Photo via Flickr by Peter Burka
Yesterday, we published about a secret full-size version of Tony Rosenthal’s famous cube sculpture in Astor Place that has gone under the radar – because it’s in a private collection in Westchester. Untapped Cities reader Pete Burka reached out to us via Twitter to let us know that the maquette, a hand-cut bronze and brass model by Rosenthal, is not only in the collection of of the National Academy Museum, but is also on display only until June 1st.
Rosenthal gifted the model to the museum in 1996, in memory of his wife Halina Rosenthal, who died of cancer in 1991. One fun fact we learned from the Museum is Rosenthal exhibited his first public sculpture in the 1939 World’s Fair in Flushing Meadows-Corona Park. Rosenthal served in World War II, as a commander of a unit making topographical models. Artists played a significant role in World War II, notably in the Ghost Army, a tactical deception unit staffed by illustrators, Hollywood set designers and creative types. Based in England for the war, Rosenthal became inspired by the work of sculptor Henry Moore.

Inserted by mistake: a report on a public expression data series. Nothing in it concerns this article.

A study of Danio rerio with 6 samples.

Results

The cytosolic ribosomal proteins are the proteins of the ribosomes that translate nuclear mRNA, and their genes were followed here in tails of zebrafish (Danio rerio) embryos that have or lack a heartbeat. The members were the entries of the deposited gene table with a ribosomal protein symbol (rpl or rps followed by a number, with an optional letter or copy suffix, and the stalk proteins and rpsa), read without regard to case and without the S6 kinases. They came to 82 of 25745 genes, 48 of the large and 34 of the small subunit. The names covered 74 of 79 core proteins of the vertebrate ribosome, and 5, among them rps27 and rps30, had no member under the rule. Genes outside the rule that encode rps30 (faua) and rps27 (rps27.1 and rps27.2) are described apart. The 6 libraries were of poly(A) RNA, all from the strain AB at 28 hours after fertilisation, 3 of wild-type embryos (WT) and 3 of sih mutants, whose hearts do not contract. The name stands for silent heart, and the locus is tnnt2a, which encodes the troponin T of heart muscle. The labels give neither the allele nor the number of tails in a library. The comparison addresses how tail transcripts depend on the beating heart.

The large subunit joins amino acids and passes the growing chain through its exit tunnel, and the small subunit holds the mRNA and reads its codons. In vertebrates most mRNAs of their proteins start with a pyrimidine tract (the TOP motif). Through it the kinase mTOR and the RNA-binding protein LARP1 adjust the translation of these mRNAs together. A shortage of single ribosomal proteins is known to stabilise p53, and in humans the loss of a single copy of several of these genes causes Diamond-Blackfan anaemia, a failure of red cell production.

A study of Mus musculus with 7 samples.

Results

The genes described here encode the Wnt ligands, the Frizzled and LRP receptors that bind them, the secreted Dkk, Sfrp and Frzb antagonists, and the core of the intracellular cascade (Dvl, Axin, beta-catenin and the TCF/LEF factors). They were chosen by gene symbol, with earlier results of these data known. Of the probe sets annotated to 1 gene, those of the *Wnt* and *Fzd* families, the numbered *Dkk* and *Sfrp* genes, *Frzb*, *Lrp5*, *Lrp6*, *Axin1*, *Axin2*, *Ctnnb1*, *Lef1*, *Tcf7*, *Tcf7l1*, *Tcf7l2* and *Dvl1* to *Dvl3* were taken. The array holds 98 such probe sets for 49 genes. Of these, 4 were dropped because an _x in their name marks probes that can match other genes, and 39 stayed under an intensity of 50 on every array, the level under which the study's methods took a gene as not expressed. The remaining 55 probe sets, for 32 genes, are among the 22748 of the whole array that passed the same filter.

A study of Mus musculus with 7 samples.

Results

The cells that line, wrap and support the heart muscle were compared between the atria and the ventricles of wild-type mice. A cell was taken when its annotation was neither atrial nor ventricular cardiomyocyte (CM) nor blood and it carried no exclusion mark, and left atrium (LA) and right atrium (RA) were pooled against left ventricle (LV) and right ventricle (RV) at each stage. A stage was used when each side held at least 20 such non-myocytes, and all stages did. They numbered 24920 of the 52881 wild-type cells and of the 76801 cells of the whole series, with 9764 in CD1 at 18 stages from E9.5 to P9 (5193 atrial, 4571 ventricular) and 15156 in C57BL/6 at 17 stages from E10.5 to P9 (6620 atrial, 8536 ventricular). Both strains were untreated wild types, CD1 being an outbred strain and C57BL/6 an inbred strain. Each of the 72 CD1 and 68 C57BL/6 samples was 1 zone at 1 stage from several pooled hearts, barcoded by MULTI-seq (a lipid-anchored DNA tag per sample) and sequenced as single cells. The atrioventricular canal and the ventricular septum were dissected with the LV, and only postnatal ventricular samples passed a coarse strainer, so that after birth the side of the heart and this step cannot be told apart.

As the National Academy describes of the 9 x 9 1/2 x 9 1/2 inch model, “This maquette differs from the full scale piece in that it is constructed out of polished brass and bronze, materials that lend a more precious and less severe aspect to the work than the completed sculpture in black painted Cor-Ten steel.”
Next, read about the Secret Version of the Astor Place Cube Located in Westchester. Check out 20 permanent outdoor art installations in downtown Manhattan.